Senate passes Josephine Tittsworth Act
While students go through a typical first day of the semester, a professor goes down a roster to mark off students in attendance. A student in the back shifts in his seat anxiously awaiting his name, waiting to be called upon, unsure of whether to respond because he wasn’t born a male. He was born a female, and raising his hand would out him as a transgender man.
As part of one of the most diverse universities in the country, the Student Government Association passed the Josephine Tittsworth Act, a University bill, in an attempt to address the safety concerns of the transgender community on campus, especially in regards to those who have not formally changed their names and gender markers to match their discerned gender identities.
The University’s goals include creating “an environment in which student success can be ensured.” Co-author of the bill SGA Senator James Lee said he believes protecting students’ privacy by not unintentionally outing transgender students will create a safe environment for them and also stay true to UH’s goals and the University’s nondiscrimination policy.
“When a situation occurs where a student feels unsafe, unwelcome or uncomfortable in a classroom or in that academic advising, that’s something that’s stopping them from receiving the best education they can get,” Lee said.
Fifty-three percent of transgender individuals have been “verbally harassed or disrespected in a place of public accommodation, including hotels, restaurants, buses, airports and government agencies,” according to a 2011 report from the National Center for Transgender Equality.
The Josephine Tittsworth Act would allow students, faculty and staff “to apply their preferred first name, title and personally discerned gender in all standard forms of documentation or record keeping” in order for students to have their identity and names match so as not to be outed in class or confronted by advisers or students.
The bill did not pass unanimously, and controversy has surrounded it. SGA President Charles Haston, who also co-authored the bill, said some senators and students have brought up the issue of Greek life and housing. He said that this will be unaffected by this bill.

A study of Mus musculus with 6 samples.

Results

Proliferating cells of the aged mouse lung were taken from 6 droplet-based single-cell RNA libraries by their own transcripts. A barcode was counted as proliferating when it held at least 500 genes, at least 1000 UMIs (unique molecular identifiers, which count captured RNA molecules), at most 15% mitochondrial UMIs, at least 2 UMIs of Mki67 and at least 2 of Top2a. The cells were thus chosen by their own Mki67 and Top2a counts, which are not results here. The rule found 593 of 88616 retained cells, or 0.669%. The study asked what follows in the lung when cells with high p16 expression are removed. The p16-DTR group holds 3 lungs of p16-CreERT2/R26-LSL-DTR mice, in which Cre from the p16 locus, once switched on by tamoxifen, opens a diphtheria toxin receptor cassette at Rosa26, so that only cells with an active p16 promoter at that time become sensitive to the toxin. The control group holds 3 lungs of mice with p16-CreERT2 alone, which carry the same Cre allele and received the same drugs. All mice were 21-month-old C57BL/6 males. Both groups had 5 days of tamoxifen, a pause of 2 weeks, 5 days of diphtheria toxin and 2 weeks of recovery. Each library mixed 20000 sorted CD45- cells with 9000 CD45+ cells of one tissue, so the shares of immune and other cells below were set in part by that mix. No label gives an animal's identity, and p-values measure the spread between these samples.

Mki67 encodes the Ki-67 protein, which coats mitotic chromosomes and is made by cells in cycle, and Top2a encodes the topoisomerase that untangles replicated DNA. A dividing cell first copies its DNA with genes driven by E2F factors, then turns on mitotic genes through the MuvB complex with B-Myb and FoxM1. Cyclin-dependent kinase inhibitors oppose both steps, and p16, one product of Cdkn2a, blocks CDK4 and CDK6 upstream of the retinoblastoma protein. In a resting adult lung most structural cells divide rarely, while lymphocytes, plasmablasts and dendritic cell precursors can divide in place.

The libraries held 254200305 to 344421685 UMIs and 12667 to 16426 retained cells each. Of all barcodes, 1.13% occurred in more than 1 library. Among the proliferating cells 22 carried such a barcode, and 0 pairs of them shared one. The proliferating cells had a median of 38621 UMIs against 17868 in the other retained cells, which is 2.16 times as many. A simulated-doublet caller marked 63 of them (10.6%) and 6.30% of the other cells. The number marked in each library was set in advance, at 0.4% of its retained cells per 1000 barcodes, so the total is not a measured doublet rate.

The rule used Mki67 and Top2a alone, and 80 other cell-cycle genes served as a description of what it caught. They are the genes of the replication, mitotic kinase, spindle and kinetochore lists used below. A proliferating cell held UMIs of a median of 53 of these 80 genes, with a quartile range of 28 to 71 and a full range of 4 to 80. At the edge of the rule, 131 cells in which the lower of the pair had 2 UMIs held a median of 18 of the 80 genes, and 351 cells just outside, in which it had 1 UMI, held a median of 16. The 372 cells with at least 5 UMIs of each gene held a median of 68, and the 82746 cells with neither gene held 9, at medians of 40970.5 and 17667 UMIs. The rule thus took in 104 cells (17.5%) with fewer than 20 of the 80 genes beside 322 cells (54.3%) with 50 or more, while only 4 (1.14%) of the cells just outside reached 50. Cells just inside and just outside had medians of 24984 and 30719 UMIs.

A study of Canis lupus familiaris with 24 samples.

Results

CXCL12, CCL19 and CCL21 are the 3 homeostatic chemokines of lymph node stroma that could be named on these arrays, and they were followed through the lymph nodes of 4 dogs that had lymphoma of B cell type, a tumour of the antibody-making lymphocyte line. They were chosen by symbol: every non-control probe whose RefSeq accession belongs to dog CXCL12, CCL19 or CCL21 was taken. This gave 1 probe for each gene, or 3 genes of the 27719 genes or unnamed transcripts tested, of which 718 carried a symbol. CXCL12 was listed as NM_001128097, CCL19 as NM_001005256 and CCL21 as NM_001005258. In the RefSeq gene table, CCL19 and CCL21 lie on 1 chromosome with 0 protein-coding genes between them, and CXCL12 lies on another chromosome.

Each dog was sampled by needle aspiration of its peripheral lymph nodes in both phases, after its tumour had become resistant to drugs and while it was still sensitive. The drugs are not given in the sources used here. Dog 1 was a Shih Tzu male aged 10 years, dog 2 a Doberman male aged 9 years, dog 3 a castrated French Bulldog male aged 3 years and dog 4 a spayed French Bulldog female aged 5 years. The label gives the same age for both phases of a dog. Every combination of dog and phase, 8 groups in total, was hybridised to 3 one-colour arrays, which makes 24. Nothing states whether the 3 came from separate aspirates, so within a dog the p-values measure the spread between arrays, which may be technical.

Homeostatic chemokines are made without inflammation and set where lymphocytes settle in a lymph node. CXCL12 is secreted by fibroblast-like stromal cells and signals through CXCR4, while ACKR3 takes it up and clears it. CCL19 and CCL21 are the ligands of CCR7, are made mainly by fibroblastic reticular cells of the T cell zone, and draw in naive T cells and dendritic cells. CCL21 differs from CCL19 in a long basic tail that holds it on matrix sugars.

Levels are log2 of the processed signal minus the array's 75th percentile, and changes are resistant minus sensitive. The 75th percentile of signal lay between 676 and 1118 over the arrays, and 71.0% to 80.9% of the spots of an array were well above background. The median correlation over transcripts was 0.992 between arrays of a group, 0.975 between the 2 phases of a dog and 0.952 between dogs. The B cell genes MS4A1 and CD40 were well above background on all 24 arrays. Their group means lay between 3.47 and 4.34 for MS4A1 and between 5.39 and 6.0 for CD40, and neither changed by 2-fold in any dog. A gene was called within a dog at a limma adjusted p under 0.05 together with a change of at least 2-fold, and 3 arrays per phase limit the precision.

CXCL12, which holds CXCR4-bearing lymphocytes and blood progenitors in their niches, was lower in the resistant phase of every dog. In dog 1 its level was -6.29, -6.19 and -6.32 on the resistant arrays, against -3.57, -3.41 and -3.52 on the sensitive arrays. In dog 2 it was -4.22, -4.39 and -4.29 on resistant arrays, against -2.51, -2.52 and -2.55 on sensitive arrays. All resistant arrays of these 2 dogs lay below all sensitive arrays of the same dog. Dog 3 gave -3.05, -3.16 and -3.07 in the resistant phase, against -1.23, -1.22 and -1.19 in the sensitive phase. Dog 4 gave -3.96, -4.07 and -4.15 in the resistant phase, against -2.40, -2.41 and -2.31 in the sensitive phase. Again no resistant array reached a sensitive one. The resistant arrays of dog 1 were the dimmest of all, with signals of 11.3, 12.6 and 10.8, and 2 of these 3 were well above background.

“Although we talk about being ethnically diverse, that’s not where it stops. … I’ve learned so much from this school and learned how to respect and work with other people that I wouldn’t normally learn how to work with,” Haston said. “We have a responsibility as student government … to create an environment that allows you to receive an education here.”
Some of the senators who voted in opposition of the bill said they did so out of their senatorial commitments.
“I have to vote with my constituents, and they overwhelmingly deny this legislation,” SGA CLASS senator Will Fischer said.
Though the bill has had opposition, SGA CLASS senator Clement Agho-Otoghile said dissent is a right and should be a welcome part of a democracy.
“We don’t always have to agree, and it doesn’t have to be unanimous,” Agho-Otoghile said. “It doesn’t have to be a shut-out, but we can respect and understand that we can come to a space of understanding.”
Communications senior and transman Lou Weaver, who served on the SGA town hall panel about the bill April 9, said the bill is integral in addressing transgender student concerns and improving the overall campus experience.
“I don’t ever want to change, because being a Coog is the best thing that has ever happened to me,” Weaver said.